Jon Bon Jovi Gives Social Entrepreneurship a Good Name

Jon Bon Jovi is giving love for his home state—and social entrepreneurship in general—a good name with the JBJ Soul Kitchen, his nonprofit restaurant in Toms River, New Jersey.

Described as a community restaurant, JBJ Soul Kitchen serves delicious three-course farm-to-table meals to both paying customers and those who can’t afford to pay. Customers can also pay for their meals by volunteering to work in the eatery—serving food, bussing tables, washing dishes and other typical restaurant tasks. (See video below.)

Bon Jovi’s restaurant made the news this week when it offered free lunch meals to furloughed government workers on Monday—a day when it’s normally closed. “Since founding the Soul Kitchen, we wanted to ensure that anyone struggling with food insecurity had a place to go,” Bon Jovi and his wife/business partner, Dorothea, said in a statement. “This Monday (Jan. 21), we will be open for lunch as a way to create a place of support and resources for furloughed federal workers, many of whom are our friends and neighbors.”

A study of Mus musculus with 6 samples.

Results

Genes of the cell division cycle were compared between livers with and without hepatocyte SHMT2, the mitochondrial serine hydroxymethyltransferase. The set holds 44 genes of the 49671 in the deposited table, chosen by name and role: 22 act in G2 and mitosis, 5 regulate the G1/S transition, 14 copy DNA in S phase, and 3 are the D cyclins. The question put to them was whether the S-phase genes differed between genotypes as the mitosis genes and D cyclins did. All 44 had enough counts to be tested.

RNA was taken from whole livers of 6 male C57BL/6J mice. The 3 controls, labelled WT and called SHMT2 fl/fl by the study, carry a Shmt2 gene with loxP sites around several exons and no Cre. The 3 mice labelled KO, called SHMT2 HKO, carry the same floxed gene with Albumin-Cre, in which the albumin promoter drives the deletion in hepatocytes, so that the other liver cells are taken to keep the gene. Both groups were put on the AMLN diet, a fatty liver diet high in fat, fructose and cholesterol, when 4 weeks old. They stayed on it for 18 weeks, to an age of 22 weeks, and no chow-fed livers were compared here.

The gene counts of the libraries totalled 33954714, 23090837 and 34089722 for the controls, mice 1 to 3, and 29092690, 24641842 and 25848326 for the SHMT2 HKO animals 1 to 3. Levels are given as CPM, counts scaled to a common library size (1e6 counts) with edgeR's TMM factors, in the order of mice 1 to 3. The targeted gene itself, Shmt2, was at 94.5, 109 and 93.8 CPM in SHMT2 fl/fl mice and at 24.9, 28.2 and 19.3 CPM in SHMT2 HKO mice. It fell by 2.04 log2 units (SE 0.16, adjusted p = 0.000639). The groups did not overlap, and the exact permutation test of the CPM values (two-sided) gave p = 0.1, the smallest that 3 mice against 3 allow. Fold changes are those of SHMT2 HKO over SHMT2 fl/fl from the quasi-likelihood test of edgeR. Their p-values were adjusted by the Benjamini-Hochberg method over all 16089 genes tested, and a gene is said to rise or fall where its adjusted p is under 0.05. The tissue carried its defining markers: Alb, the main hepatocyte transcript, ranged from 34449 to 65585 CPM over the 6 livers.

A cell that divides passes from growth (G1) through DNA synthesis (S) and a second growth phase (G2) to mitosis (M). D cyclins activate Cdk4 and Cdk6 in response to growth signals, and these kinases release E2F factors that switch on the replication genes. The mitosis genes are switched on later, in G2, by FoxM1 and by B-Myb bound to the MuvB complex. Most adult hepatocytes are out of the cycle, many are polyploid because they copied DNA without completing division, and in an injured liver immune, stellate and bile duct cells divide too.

The program is a partnership with the Murphy Family Foundation, founded by New Jersey Governor Phil Murphy and First Lady Tammy Murphy.

Bon Jovi’s statement added that the availability of additional free meals for federal employees “will be determined by turnout, feedback and demand and will be announced at a later date.”

Some members of the JBJ Soul Kitchen in Toms River, New Jersey

To generate revenue for the social-enterprise restaurant, paying customers at JBJ Soul Kitchen make a donation of $20 per meal. They can also donate an additional $20 to the Pay It Forward program to help fund a meal for someone who can’t afford to pay. The restaurant emphasizes healthy, organic and locally grown ingredients and offers an alternative to cheap but unhealthy fast food.

Soul Kitchen grows some ingredients in its own organic gardens and gets other foods from the Whole Foods Market Middletown. Whatever their financial means, customers are served by waitstaff in what Bon Jovi has described as “the coolest brasserie in your hometown” and “the hottest-looking restaurant, a place with the atmosphere of dignity for the guests.”